Hong Kong is a funny old place. Usually we are shrouded in murky haze. When I drive to work each morning I have a small test of the air quality. As I emerge from the Eastern Harbour Tunnel and up on to the expressway (frequently a misnomer) I look for the towering edifice that is 2IFC – that’s International Finance Centre for the uninitiated. This modern day Cleopatra’s needle pumps up its chest and threatens all the puny buildings around it, confident in the safety of housing the headquarters of the SAR’s de facto central bank, that paragon of integrity, the HK Monetary Authority. Just as Peter West insisted (according to Max Boyce) that Twickenham was simply “HQ”, the Hong Kong Monetary Authority is simply known as the “MA”. But I digress. My test is simple. Can I see the blasted thing? And yes, indeed there are days when the Tower of Babel is simply lost in the grimy layers of HK’s bespoke verdigris. A straight ten means it stands out like a shaft of silver, when all around is dark. Zero means I can barely see the road in front of the car. Generally we get something in the 4-6 range. My test is a lot cheaper than the Observatory’s scientific approach and arguably easier for the chap in the street to understand.
But today it is crystal clear. As it was yesterday. Two in a row. If I kept records I’d check if this was a first. Just to prove it I grabbed my pocket Lumix and took this:
Aha! I hear you say. Clouds. There’s no need to be so accusatorial. I didn’t say there were no clouds. In fact we went for the blue, white and red – tricolour style – in honour of Li Na’s triumph at the French Open. The green was an afterthought, thrown in my Mother Nature. But you have to be honest, it is rather glorious.
I did consider a blog-rant about the appalling organisation at the dragon boat races today but I decided against it. Instead I share with you the drama of the garden. Most people in HK live in apartments if they live on the Island, “village houses” in the New Territories and, if you are unlucky a cage in Kowloon. Equality has not yet reached HK but fear not, the government of the PRC is working on it. Soon we shall all be in cages. Now we are lucky enough to have a house. A small house. But it has 3 gardens. One is ours and 2 are communal. The front communal garden is haven for wildlife. Why, a wild boar even invited itself to supper and ate all the vegetables the other day. We have a decent bird list for the garden. I cheat. I count sea eagles flying over even if they don’t land and therefore on this basis I also have Chinese goshawk, Peregrine, Osprey and – as they have landed in the garden – Crusty serpent eagle and Black kite. Some of them nest – mainly Magpie robins, Red-whiskered and Chinese bulbuls, Tailorbirds, Tree sparrows, Barn swallows and probably the odd Spotted dove. And it is the nests, I believe, that have attracted an unwelcome visitor. If you are an egg, nestling or concerned parent. Yes, the Greater coucal has started to visit. My wife first spotted one a few months back. Then a couple of weeks ago I saw one in the trees opposite and since then sightings have increased.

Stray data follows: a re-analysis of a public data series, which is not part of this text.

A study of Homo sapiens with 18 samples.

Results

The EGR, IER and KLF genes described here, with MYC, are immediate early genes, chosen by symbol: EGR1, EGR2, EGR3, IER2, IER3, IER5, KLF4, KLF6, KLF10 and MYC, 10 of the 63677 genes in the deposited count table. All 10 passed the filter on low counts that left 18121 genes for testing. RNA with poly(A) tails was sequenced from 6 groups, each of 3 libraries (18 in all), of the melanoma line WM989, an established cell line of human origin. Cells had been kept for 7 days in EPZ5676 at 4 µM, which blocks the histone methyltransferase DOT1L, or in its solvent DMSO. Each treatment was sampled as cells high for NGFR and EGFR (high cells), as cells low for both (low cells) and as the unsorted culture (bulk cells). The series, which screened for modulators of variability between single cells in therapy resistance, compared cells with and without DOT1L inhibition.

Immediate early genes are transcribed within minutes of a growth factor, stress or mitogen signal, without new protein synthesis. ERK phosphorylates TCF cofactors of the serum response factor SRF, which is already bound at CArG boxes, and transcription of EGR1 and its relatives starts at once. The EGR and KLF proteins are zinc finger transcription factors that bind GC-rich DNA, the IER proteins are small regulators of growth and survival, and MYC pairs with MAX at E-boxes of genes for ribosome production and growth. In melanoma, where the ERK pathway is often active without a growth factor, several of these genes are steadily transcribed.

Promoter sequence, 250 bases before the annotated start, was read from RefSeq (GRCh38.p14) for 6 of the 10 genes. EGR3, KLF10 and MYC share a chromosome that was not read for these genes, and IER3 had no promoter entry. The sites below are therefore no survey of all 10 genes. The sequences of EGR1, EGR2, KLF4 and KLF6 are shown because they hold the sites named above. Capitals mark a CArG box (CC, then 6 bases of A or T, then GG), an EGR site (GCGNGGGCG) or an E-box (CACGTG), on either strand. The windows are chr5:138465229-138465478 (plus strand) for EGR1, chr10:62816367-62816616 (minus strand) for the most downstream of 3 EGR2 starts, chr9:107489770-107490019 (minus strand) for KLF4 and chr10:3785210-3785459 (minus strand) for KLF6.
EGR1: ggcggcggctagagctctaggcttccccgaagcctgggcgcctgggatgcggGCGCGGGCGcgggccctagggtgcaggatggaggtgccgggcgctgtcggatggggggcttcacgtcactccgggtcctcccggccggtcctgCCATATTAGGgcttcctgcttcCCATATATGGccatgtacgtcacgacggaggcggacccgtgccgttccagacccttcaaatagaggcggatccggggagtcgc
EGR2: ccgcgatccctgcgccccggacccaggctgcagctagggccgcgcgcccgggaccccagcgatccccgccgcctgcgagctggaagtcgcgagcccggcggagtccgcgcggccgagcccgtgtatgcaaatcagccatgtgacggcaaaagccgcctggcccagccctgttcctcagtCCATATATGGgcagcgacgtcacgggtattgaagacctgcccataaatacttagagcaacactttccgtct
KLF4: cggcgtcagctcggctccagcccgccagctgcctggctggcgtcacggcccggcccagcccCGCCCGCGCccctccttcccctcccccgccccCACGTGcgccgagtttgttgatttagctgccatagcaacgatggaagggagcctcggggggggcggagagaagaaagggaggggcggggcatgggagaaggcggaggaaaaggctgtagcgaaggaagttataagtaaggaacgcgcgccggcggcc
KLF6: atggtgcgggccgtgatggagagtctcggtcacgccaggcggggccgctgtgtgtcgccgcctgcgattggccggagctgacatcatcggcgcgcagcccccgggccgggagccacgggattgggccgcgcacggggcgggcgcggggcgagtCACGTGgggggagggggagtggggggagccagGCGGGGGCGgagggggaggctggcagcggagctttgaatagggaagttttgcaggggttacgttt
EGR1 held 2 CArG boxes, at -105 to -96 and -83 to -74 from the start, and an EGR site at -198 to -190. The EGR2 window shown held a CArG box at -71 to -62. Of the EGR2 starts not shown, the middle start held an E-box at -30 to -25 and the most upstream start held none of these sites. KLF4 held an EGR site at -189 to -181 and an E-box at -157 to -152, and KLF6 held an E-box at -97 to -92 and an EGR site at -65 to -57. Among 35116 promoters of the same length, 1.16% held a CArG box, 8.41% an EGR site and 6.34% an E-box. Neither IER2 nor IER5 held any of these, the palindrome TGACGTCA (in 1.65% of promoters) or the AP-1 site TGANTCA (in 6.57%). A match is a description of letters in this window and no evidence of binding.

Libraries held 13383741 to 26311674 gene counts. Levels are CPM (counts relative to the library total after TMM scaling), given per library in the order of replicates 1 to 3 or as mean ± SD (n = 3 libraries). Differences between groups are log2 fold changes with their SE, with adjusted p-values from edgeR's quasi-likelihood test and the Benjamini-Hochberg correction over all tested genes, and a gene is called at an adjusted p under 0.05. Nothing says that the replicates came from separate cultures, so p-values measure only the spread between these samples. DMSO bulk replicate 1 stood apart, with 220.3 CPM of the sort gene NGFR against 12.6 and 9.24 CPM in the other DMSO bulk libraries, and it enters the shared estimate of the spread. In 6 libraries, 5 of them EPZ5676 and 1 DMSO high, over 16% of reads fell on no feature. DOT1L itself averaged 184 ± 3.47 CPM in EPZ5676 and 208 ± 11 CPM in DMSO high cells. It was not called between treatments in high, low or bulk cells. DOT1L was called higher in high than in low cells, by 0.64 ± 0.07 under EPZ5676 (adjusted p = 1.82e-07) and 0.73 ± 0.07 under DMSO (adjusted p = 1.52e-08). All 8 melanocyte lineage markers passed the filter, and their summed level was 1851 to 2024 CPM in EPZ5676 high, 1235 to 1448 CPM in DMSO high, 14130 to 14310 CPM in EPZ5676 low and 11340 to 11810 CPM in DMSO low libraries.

Mid afternoon the cacophony of harassment started. Every small bird in Confuciandom surrounded the bushes in the middle of the grassy area (it would be egregious hyperbole and flattery to call it a lawn) and hurled the most vile abuse at the hidden villain. After half an hour or so I saw the coucal waddle out and away from the bushes, only to scurry back in. The other name for the coucal is the crow pheasant and they are quite an attractive bird in the right circumstances. Clearly not if your offspring is on the menu.
Another 20 minutes passed and at last the coucal started to make its way along the path, still almost undercover but a rare “heads up” allowed me to get this shot:
Boo, hiss, the audience screeched, as the pantomime demon king strutted onto the stage. He’s behind you!! Then a remarkably fast about turn and the coucal picked up what looked like a small snake or long lizard from the edge of the grass and scuttled back under cover. Naturally I didn’t document this bit on ‘film’. Soon afterwards, the coucal ran across the path, through the hedge and glided away out of the garden towards some lower vegetation. I had seen one coucal already down there so probably coucal 2 was simply looking for something to feed its young for tea. Snake strikes me as infinitely healthier than beans on toast. And I doubt if a heartening meal of asp has the same dire after effects.
And so the drama ended. The audience quietly sidled towards the exit and normality resumed. The Chinese bulbul pair recommenced its labour of love, delivering juicy caterpillars and berries to the young hidden in our bougainvillea. Now even I can get that on film.
And, as they said at Roland Garros, c’est magnifique, mais c’est pas la guerre. Au revoir, mes copains.